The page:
However, before I get ahead of myself, it’s worth noting a little background info. In 1996 I hung up my career as a graphic designer and Illustrator. The industry had changed dramatically, art like fashion had become (as it always had) a “young mans sport and with the advent of computerization, changed forever the creative landscape.
Rather then being a programmer and competing against a new generation of talent, I decided to end by career as an artist, it was one of the toughest calls I ever made. Unlike other professions the creative world forever evolves and changes, and a new era of creativity thus becomes the standard…like old soldiers, old artists…simply fade away.
I suspect that in a world where most people work and make a living at careers they don’t particularly like…I was indeed lucky. I loved what I did, and made an excellent living doing it, and I won awards doing what I loved. It was my passion and I never considered what I did for a living, “work”…it was indeed a great ride, while it lasted. And though my writings became an extended outlet of expression, there was still a void.
And while I avoided the obvious, my lady and friends knew better. They cajoled me, pushed me, and nagged me, until I admitted to myself that indeed I still had that itch, and I came to realize that old artists like old soldiers have trouble just fading away.
So six months ago I embarked on reestablishing myself as an “artist” my graphic design and art directing days and running an advertising agency were indeed over, at this stage of my life, the last thing I wanted to do is get back into that rat race. However as an artist, illustrator and cartoonist that itch still needed to be scratched, and the question I needed to ask myself was…was I still an “artist”? Did I still have what it takes? I hadn’t touched a brush in almost 15 years…remember I’m a Scorpio and revisiting bumpy roads is not something I do well…when I’m through with something…I’m through!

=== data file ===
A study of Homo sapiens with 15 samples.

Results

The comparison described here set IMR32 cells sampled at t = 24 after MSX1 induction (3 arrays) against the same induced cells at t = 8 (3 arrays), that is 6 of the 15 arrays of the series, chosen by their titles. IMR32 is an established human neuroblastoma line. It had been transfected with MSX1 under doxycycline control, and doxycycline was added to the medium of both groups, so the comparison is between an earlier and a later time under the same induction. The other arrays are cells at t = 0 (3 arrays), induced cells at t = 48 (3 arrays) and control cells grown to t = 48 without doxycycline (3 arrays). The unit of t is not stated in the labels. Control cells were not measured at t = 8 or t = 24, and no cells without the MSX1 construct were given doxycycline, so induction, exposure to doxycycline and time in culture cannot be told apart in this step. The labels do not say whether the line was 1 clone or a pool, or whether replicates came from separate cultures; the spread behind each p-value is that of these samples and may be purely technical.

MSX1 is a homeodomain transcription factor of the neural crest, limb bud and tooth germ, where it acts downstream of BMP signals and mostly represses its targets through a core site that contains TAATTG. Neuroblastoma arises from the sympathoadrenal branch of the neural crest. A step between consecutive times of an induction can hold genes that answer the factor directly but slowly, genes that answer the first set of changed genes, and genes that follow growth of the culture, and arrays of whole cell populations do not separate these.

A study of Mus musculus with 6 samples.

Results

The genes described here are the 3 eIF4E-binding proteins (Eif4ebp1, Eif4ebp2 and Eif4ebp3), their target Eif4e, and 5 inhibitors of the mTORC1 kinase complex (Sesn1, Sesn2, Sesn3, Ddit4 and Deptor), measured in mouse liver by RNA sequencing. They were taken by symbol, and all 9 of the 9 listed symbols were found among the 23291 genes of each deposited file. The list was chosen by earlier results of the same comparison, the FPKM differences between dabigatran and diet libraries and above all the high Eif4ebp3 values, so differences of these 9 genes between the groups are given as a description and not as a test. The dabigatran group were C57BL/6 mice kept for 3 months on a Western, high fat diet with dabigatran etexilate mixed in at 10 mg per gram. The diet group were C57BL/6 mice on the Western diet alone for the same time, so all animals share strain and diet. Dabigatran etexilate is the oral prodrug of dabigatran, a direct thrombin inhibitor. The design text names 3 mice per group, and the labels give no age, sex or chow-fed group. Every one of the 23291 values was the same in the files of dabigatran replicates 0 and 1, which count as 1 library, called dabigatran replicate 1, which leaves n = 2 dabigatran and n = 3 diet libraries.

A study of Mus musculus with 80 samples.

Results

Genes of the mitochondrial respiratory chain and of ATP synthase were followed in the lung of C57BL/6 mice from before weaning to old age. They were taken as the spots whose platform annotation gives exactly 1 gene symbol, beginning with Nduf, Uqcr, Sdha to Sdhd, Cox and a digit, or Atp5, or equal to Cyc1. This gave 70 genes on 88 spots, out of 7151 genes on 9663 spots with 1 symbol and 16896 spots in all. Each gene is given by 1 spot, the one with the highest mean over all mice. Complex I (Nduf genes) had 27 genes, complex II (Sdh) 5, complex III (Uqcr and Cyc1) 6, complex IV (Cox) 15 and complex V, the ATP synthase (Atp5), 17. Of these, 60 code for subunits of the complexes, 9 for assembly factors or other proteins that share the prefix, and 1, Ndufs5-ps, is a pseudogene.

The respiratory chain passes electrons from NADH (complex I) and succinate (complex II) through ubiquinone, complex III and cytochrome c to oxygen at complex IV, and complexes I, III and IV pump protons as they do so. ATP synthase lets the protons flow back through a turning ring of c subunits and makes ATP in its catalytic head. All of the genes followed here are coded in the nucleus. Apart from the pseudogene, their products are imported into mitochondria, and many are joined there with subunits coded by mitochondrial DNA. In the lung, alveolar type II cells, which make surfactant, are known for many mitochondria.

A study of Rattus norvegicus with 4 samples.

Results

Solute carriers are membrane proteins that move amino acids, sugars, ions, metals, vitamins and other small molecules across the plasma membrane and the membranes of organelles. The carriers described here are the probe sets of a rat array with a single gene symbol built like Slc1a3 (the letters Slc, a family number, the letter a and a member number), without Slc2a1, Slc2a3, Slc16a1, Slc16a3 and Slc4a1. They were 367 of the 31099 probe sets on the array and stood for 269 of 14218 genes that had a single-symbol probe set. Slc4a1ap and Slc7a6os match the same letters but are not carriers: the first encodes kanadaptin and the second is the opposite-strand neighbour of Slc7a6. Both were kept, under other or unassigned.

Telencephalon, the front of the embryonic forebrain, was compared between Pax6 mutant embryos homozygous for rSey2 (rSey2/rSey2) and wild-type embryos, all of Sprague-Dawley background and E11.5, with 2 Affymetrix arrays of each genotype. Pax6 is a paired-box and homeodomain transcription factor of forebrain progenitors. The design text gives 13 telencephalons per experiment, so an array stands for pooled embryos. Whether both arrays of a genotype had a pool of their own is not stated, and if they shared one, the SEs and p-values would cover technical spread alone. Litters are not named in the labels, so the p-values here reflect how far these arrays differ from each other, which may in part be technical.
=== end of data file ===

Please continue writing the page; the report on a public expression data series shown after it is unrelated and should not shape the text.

However this time I needed to know, my studio was locked for almost 15 years and I rally ventured in, and when I did I paid little attention to my surroundings, however everything was as I left it. My drawing board, pens, colored pencils, T-square, rulers, illustration boards, tissue pads, etc, etc. All that was missing was an “artist” to utilize this stuff, and I must admit that when I sat at my drawing board, for the first time in 15 years a brief moment of panic flashed by, and though it lasted but a few seconds, it did give me pause, and I thought “what if a lost my hand…could I still draw”? Ironically I hadn’t thought about that in almost 20 years, I just assumed I could, and now I’m sitting at my drawing board, afraid to know.
The point to all of this, is simply this…life is a journey, and the road we travel will inevitably have its twists and turns and at times be bumpy and if we travel long enough we’ll at times run into dead ends. However if we’re not afraid to take a detour every once and awhile, we may end up back, where we started, and while that may be a bad thing for most “to end up where we started”, for me it was simply coming full circle to what I was destined to do.
Anyway, I’ve just completed my third art exhibition in the village, and we’ve just scheduled our seventh craft show for November and December, promoting our greeting card line and I’ll be teaching a few art courses in 2010.